November 30, 2011


I HATE MY TEENAGE DAUGHTER –  Wednesday 9:30PM on FOX:  Change the Channel

Have you seen the title, I HATE MY TEENAGE DAUGHTER?  Do you get it?  Good:  you’ve just saved 23 minutes out of your life–30 if you watch the commercials.  Teenage Daughter is one of those pilots so dreadful that you can’t help but wonder just how bad a show had to be not to get on its network’s fall schedule.  This one isn’t just painful but more than a little ugly.

You don’t believe me.  How bad can it be, you say?  Well, try this for repartee:  An ex-wife (Katie Finneran) criticizes her ex-husband’s parenting by saying “Maybe you should get a job, instead of playing golf with your stupid buddies!”  Retorts he:  “I’m a golf pro!”  (Apparently there just wasn’t enough of this brand of sparkling humor, because later in the pilot, the other ex-husband complains “How can I be a bad parent?  I’m never even here!”  And he means it.)   The other mother of the piece (Jaime Pressley), accused by her mean girl daughter of not understanding her life, due to being a social outcast herself in high school, protests:  “You know who else was an outcast?  Jesus, and I think he’s pretty popular!”  I could go on.  And on.
Teenage Daughter was written by the team of Sherry Bilsing and Ellen Kreamer, who’ve been writing together since Friends, most recently on The New Adventures of Old Christine.  So it’s anyone’s guess why this thing is so bad.  More troubling is the rancid point of view it takes.  The premise of the show, as you can tell from the title, is that Pressley and Finneran, both tormented in high school (one was sheltered by religious fanatic parents, the other was extremely overweight and had a skin condition) have spoiled their own daughters, who have become exactly the sort of popular, rotten girls who made their lives miserable.  This could have been an entry point for some perceptive comedy, but instead the joke is that the mothers are both still pathetic losers at heart.  So we get Finneran (the previously overweight one), in a moment of stress, digging her hands into a pie and shoving it into her mouth (playing the rest of the scene with gooey pie all over her face), while Pressley, who has a crush on her ex-husband’s brother (Kevin Rahm, recently one of the gay neighbors on Desperate Housewives), turns into a gushing imbecile in his presence.  (This, let me remind you, is a show written and produced by women.)  The daughters (Aisha Dee and Kristi Lauren) are manipulative monsters, and so is their school principal, who was once one of the girls torturing Finneran.  The laugh track howls at everything (flat multicamera direction by Andy Ackerman); I felt like Malcolm McDowell strapped down with his eyeballs held open in A Clockwork Orange.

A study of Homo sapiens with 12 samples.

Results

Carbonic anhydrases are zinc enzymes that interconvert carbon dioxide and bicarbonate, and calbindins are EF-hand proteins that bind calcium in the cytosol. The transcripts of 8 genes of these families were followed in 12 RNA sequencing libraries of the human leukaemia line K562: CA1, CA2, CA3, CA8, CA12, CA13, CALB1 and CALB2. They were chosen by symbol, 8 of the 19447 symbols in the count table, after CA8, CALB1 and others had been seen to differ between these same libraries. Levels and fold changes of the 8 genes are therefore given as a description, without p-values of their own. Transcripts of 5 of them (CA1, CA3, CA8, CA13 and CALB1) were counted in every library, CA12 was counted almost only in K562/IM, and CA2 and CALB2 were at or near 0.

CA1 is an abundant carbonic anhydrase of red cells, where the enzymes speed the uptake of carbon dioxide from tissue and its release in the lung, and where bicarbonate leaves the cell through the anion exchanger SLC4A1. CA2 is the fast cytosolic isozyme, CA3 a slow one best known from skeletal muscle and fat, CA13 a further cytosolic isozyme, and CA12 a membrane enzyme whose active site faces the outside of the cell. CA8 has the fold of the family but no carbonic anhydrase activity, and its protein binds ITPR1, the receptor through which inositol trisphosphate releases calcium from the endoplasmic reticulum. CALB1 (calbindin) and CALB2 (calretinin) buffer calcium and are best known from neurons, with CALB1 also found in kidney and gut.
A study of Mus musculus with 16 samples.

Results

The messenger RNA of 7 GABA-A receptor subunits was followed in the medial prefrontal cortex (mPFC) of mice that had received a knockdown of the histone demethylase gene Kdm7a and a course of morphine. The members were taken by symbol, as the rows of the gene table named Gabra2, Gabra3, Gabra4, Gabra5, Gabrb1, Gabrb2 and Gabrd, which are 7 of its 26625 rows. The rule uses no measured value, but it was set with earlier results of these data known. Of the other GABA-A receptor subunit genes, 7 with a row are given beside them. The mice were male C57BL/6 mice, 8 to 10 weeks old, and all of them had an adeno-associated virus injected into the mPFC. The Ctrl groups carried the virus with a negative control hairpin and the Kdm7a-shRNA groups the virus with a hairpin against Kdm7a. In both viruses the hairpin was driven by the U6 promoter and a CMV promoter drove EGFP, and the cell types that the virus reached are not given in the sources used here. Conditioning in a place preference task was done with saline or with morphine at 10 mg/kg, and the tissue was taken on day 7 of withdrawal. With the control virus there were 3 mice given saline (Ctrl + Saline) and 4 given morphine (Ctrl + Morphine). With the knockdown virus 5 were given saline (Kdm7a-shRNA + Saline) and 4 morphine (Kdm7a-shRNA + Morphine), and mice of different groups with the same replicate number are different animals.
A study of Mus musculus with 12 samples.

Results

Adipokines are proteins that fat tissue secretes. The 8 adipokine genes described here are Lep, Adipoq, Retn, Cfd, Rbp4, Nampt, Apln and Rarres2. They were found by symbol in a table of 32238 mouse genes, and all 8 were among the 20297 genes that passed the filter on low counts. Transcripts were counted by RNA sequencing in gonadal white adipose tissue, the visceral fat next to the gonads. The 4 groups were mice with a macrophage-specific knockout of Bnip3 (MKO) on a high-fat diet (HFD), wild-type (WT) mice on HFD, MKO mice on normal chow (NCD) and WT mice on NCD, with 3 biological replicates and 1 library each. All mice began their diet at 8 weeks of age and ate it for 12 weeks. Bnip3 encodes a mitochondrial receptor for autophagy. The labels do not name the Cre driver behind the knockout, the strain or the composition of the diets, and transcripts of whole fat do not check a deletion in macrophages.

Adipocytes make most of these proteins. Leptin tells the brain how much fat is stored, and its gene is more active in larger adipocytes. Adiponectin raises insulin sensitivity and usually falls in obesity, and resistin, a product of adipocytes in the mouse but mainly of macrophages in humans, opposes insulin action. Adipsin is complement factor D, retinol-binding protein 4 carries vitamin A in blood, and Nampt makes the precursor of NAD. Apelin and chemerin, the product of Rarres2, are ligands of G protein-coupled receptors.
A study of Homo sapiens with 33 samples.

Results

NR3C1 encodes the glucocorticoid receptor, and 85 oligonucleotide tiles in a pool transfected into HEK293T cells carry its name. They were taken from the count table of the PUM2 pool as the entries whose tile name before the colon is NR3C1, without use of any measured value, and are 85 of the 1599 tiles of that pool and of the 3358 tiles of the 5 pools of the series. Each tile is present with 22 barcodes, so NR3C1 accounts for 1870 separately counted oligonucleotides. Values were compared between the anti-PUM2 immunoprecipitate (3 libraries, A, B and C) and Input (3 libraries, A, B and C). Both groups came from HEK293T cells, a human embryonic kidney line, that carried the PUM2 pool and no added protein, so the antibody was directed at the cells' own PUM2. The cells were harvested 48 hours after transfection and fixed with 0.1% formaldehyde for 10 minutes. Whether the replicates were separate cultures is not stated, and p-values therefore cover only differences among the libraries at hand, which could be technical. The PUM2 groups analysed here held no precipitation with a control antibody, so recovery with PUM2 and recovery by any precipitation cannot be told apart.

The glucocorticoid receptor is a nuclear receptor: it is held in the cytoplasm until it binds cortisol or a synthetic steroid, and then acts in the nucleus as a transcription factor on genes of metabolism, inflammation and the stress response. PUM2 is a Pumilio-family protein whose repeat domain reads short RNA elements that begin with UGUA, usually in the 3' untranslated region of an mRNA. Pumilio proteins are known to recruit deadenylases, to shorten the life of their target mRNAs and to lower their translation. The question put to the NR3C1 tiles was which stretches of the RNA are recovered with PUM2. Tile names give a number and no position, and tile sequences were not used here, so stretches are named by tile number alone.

The two things Teenage Daughter does have going for it are its stars.  Pressley was marvelous on My Name Is Earl, and Finneran stole “Promises, Promises” out from under Sean Hayes and Kristen Chenoweth on Broadway; both are naturally likable and have expert timing (although they’re both clearly far smarter than their idiot characters).  Against all odds, they occasionally manage to suggest human beings in this shambles, but their fans would be better off waiting for their next projects.

Teenage Daughter may not be the flop it deserves to be:  FOX has given it a prime timeslot, following the Wednesday installment of X-Factor, and Mitch Metcalf’s projection has it behind Criminal Minds and Happy Endings, but ahead of the aged audience for NBC’s Harry’s Law.  Success, though, isn’t the same as quality, and the best to be said about this so-called comedy is that it conveniently already has the word Hate in its title.

About the Author

Mitch Salem
MITCH SALEM has worked on the business side of the entertainment industry for 20 years, as a senior business affairs executive and attorney for such companies as NBC, ABC, USA, Syfy, Bravo, and BermanBraun Productions, and before that, at the NY law firm of Weil, Gotshal & Manges. During all that, he has more or less constantly been going to the movies and watching TV, and writing about both since the 1980s. His film reviews also currently appear on and In addition, he is co-writer of an episode of the television series "Felicity."